Open Memory Forensics Workshop 2012 is currently in progress, thus today's MoVP post will be short and sweet. However, it will still introduce an exciting new capability exclusive to Volatility.
One of Brendan Dolan Gavitt’s early GDI utilities for Volatility included a screenshot plugin. The plugin drew “wire-frame” rectangles of windows according to their positions on the desktop. Its far from a real screenshot, but nonetheless is very exciting from a memory forensics perspective. BDG also wrote a plugin using VM introspection and PyGame to actively trace user’s mouse movements and window interactions based on the changes they made in physical memory. These are both major developments that show abstract ways you can leverage the power of Volatility.
For the upcoming release of Volatility 2.2, I took the liberty of updating BDG’s screenshot plugin to work with the latest core code base and include support for all major windows versions. Since the original plugin only worked on XP x86, there was no need to examine multiple desktops at that time (it was before session 0 isolation). However, nowadays, the plugin will output one screenshot for each desktop – including the desktops seen via RDP and multiple logged-on users.
The Screenshots Plugin
The inner workings of the plugin are quite simple. It enumerates windows for each desktop in their Z-Order (front-to-back focus) just as described in MoVP 2.2 Malware In Your Windows. It takes the left, right, top and bottom coordinates of each window from the tagWND structure and draws rectangles with PIL (Python Imaging Library).
To demonstrate, two users logged into the same Windows 7 box with fast-user switching. Each user left various windows open. Then memory was acquired and the screenshots plugin was run. As shown below, you just pass it a -D/--dump-dir parameter for the PNG files to be saved.
$ python vol.py -f users.vmem --profile=Win7SP1x86 screenshot -D shots/
Volatile Systems Volatility Framework 2.1_alpha
Many of the screenshots will be blank, since windows aren’t displayed on all desktops. Why should they be, after all? There's only one interactive window station (WinSta0), so it wouldn't make sense to display windows inside desktops of other window stations, because there's no user to see them. But we output an image anyway, just in case there's some odd situation that may help you during an investigation.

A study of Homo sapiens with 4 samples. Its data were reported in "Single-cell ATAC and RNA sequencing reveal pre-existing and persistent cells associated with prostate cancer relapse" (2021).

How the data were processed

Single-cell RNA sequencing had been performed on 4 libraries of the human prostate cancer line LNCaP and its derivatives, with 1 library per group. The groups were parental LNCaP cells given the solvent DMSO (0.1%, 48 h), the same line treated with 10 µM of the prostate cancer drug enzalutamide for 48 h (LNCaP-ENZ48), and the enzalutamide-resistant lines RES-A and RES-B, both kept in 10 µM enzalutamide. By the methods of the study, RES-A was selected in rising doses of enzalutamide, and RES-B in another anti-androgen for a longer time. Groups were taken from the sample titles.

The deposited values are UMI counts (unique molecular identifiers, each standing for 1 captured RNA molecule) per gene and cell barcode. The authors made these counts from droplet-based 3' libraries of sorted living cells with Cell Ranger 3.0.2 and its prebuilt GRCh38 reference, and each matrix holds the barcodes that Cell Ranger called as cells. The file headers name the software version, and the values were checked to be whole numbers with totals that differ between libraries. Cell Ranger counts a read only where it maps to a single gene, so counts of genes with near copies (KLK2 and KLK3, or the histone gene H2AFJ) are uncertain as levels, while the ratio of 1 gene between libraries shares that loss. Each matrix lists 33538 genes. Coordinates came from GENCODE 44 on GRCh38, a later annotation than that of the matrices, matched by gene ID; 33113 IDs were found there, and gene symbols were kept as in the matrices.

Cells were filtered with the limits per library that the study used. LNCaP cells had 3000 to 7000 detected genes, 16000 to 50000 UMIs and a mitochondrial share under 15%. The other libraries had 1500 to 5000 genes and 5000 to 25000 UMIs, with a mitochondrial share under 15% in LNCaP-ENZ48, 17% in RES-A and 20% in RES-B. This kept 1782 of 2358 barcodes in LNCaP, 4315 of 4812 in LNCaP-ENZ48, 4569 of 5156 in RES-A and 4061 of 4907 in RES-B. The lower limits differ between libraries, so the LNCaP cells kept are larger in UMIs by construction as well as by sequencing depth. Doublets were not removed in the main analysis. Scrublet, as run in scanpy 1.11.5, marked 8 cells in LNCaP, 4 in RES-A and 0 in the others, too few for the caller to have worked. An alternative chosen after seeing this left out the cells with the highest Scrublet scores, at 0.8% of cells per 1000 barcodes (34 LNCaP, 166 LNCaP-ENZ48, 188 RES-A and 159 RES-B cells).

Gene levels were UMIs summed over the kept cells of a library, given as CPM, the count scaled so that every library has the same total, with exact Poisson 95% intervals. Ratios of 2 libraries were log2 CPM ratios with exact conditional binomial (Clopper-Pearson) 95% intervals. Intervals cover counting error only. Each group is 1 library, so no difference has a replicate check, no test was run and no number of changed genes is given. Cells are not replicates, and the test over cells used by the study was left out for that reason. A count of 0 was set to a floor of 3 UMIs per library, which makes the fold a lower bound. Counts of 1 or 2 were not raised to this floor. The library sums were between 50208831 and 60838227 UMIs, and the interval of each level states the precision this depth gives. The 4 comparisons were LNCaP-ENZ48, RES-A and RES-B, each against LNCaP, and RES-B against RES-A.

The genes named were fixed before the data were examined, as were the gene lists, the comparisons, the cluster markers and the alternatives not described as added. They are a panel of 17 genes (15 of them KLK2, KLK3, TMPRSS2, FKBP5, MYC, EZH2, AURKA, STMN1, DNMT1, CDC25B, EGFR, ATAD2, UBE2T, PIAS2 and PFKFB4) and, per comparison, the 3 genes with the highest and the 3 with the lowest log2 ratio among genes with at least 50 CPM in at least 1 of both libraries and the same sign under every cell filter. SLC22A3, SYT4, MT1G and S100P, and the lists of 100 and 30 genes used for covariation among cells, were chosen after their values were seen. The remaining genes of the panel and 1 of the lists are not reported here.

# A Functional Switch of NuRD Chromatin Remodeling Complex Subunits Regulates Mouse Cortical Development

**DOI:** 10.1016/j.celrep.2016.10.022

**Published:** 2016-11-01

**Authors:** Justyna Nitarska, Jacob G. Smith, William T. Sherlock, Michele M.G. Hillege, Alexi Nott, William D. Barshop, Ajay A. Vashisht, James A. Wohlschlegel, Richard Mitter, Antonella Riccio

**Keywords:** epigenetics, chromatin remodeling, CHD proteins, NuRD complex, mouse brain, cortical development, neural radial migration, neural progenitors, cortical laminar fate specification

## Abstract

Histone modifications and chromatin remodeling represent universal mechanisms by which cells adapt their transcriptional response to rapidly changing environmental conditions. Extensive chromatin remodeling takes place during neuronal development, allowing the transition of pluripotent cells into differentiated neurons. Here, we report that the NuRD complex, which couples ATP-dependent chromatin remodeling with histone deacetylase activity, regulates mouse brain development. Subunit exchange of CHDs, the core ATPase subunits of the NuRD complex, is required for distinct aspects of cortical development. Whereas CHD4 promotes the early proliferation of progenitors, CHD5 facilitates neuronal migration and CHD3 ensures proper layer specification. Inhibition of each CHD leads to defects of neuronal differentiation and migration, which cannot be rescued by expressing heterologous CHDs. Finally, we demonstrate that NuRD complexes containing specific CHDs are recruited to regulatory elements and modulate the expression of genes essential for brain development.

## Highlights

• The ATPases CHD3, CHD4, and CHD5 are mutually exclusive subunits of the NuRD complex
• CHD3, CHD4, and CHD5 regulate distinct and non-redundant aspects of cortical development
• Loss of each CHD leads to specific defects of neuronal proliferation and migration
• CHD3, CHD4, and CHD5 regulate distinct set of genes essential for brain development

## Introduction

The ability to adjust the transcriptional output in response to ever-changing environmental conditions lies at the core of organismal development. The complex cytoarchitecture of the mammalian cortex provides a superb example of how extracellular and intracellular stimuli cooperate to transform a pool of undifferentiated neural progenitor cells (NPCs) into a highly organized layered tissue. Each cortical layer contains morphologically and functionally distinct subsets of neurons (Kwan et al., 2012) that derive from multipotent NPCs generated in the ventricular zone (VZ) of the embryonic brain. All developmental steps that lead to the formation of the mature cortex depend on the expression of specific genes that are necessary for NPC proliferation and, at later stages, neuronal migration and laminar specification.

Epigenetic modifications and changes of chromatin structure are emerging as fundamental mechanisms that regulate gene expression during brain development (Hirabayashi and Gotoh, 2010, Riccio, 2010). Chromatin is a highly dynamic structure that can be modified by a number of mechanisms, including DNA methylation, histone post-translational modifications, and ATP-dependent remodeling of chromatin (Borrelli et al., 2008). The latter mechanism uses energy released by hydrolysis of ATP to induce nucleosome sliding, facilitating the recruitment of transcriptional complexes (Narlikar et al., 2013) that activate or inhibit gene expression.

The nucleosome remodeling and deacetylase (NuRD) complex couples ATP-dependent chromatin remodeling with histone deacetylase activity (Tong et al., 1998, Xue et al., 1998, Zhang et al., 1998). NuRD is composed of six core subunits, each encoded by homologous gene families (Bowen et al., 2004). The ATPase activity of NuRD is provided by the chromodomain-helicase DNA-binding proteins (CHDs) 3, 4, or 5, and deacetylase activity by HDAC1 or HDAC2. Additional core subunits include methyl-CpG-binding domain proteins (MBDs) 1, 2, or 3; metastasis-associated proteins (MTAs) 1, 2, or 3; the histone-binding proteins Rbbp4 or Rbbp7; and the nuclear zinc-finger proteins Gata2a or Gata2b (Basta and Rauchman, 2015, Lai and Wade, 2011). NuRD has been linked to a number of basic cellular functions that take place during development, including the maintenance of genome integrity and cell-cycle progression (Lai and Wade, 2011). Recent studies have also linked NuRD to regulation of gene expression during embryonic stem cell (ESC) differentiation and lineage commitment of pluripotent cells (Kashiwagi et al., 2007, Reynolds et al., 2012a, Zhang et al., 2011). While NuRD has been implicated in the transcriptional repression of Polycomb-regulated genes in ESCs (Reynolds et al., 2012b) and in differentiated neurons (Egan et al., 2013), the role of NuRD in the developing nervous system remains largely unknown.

As you'll see, Session1\WinSta0\Default (for the first user to log on) and Session2\WinSta0\Default (for the second user) seem to match well when aligned with thumbnails of the real screen appearance. In the image below, the first user's screen is in the top left pane and the plugin output is in the bottom left. The second user's screen is in the top right, just above the plugin-generated version of the screen shot.
You may notice above that the wire-frame screen shots are missing window titles. Unfortunately the window titles didn't make the Volatility 2.2 release cut, but the feature is available already in the 2.3 development branch. Window titles give you a much better depiction of what's currently going on, as you'll notice in the next example which is from a real compromised machine using the window labeling code:
If you click the image to enlarge it, you'll see there's an alert about 2 virus infections from Trend Micro's OfficeScan at 9:27 PM. This is a new type of timeline - seeing the click tick via memory analysis.
There's still some work to be done in the realm of producing more life-like screen shots from memory dumps, including labeled buttons and displayed text from toolbars and edit boxes; not to mention colors and gradients. However, we've got the foundation built. The decision to write Volatility in Python turned out to be a good one, so it can easily interface with libraries like PIL, PyGame, and the thousands of other modules out there for security, reverse engineering, and forensics.
More information on the screenshot plugin and its usages in forensic investigations will be presented at Open Memory Forensics Workshop (OMFW) 2012.